5 elements that destroyed Liverpool vs Manchester United
It is not unusual in the Premier League for such games between the biggest clubs to be over-hyped to a level that leads to inevitable disappointment, but a game that promised so much on Saturday produced so little, and we probably weren't that surprised.
Manchester United have been scoring for fun this season, while Liverpool manager Jurgen Klopp has been forced to repeatedly answer questions over his leaky defence. But arriving at Anfield on a day when the home club were paying homage to the great Kenny Dalglish suggested Mourinho would be in a destructive, rather than creative, mindset.
And the moody Portuguese boss frustrated us by not disappointing us in that respect, and set his team up to frustrate and restrict their opponents instead of playing to the attacking strengths that had helped them keep pace with noisy neighbours Manchester City. A smug Mourinho left with a point and clean sheet, content in the knowledge that he had spoilt the party for his own gain.
So why was this famous fixture such a flop this time around? Mourinho was vilified for his approach in the media the following morning, but there was more to it than just his negativity, and the different elements that make up this latest disappointment suggest that the great games between these two clubs in the past may sadly never be repeated.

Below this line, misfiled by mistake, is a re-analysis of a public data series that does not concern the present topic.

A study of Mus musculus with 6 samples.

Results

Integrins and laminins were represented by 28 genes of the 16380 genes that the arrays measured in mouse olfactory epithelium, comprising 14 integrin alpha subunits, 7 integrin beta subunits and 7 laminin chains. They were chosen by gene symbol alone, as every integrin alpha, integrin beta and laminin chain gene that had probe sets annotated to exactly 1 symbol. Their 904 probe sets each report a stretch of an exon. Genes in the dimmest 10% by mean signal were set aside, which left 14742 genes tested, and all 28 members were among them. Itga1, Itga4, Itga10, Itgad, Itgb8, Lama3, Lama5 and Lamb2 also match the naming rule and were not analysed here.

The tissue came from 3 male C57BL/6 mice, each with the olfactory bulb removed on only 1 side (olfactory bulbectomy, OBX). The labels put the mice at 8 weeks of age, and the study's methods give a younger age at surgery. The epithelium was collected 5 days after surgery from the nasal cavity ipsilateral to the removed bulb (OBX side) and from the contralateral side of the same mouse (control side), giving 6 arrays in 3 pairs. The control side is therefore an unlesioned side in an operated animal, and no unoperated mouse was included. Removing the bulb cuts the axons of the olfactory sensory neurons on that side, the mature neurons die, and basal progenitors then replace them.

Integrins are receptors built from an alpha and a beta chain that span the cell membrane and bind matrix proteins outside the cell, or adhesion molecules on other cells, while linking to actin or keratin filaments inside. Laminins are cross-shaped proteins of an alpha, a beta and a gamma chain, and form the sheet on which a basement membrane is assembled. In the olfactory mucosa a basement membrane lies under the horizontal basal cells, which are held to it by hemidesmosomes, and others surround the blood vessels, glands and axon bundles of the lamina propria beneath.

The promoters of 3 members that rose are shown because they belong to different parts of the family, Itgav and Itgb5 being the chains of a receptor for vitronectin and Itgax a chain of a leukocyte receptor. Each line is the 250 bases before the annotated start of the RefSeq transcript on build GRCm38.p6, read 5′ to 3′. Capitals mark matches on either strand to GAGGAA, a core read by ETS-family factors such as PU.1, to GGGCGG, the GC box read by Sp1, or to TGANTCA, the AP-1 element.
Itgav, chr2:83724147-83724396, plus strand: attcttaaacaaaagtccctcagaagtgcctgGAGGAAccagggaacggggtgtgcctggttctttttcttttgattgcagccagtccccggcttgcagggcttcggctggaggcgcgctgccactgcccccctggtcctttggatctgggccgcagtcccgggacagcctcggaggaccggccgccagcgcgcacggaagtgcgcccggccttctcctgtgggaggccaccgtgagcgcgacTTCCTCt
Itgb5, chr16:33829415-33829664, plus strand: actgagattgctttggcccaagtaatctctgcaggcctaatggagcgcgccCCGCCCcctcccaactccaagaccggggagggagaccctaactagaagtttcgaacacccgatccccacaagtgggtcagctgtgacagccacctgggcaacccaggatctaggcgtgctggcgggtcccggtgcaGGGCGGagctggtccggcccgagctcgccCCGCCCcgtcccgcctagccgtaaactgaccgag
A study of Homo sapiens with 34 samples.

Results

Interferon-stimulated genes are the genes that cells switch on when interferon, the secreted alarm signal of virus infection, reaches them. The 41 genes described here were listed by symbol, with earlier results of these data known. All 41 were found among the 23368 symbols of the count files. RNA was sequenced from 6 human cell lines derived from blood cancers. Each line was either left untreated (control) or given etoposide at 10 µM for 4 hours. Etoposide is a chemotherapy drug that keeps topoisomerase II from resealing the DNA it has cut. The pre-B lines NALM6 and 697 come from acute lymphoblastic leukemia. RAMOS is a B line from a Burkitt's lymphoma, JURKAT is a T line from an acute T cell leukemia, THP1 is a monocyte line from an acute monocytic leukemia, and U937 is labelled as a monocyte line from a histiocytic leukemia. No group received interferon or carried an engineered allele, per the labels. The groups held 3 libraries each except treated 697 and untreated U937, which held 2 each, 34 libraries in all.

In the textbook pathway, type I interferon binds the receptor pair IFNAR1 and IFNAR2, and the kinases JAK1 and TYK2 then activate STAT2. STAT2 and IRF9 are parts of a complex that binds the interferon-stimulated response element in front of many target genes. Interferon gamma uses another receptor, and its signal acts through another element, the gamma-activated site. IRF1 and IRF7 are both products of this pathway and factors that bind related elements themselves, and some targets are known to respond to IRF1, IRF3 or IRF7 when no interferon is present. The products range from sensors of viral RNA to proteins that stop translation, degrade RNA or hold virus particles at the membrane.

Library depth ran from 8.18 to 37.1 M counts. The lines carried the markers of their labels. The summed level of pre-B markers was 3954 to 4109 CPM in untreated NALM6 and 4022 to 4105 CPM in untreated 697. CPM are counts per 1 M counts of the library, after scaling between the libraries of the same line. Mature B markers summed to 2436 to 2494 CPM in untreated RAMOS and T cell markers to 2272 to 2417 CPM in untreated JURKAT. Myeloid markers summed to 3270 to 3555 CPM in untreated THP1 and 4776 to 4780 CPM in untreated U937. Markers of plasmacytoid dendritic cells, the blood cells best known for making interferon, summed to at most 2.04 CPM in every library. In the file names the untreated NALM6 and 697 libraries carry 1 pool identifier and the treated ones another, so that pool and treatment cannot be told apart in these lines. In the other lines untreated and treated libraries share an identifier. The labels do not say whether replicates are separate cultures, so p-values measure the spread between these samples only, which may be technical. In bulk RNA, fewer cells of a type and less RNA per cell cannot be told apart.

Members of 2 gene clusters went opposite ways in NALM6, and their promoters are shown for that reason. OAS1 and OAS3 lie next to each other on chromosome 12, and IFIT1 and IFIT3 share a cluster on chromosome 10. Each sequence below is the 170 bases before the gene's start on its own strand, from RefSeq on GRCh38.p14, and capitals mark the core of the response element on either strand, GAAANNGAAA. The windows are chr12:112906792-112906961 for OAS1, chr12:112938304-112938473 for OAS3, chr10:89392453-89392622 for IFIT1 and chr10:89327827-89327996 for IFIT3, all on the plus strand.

#5 The dictation of TV
An early kick-off on the Saturday after an international break was hardly the perfect time to play a game of such magnitude, and it was a concern voiced by Jurgen Klopp in his pre-match press conference. Both managers had players returning from across the world just a couple of days before the game, and limited time to work with naturally fatigued individuals was never likely to be a successful combination.
But clubs are happy to take their share of the television money when it comes around, and for that, they have to dance to the tune of their paymasters. With the match attracting millions of viewers from around the world, this was a prime marketing product, and if those in charge had decided on kicking-off at midnight then that is what it would be.
How much of an impact this factor actually had on the game, in reality, is debatable, but there is no doubt that the modern-day Premier League player is a finely-tuned athlete, and any break in rhythm or routine is unlikely to have a positive impact on their performance.
In addition, raising such concerns in public like Klopp did will plant a negative seed in the mind of the players, and if the players hear that their schedule will make it difficult for them they will eventually start to believe it. It is a criticism that has been launched at the managers of all the top Premier League clubs this season, as if they are in some sort of pack to force an eventual winter break, perish the thought.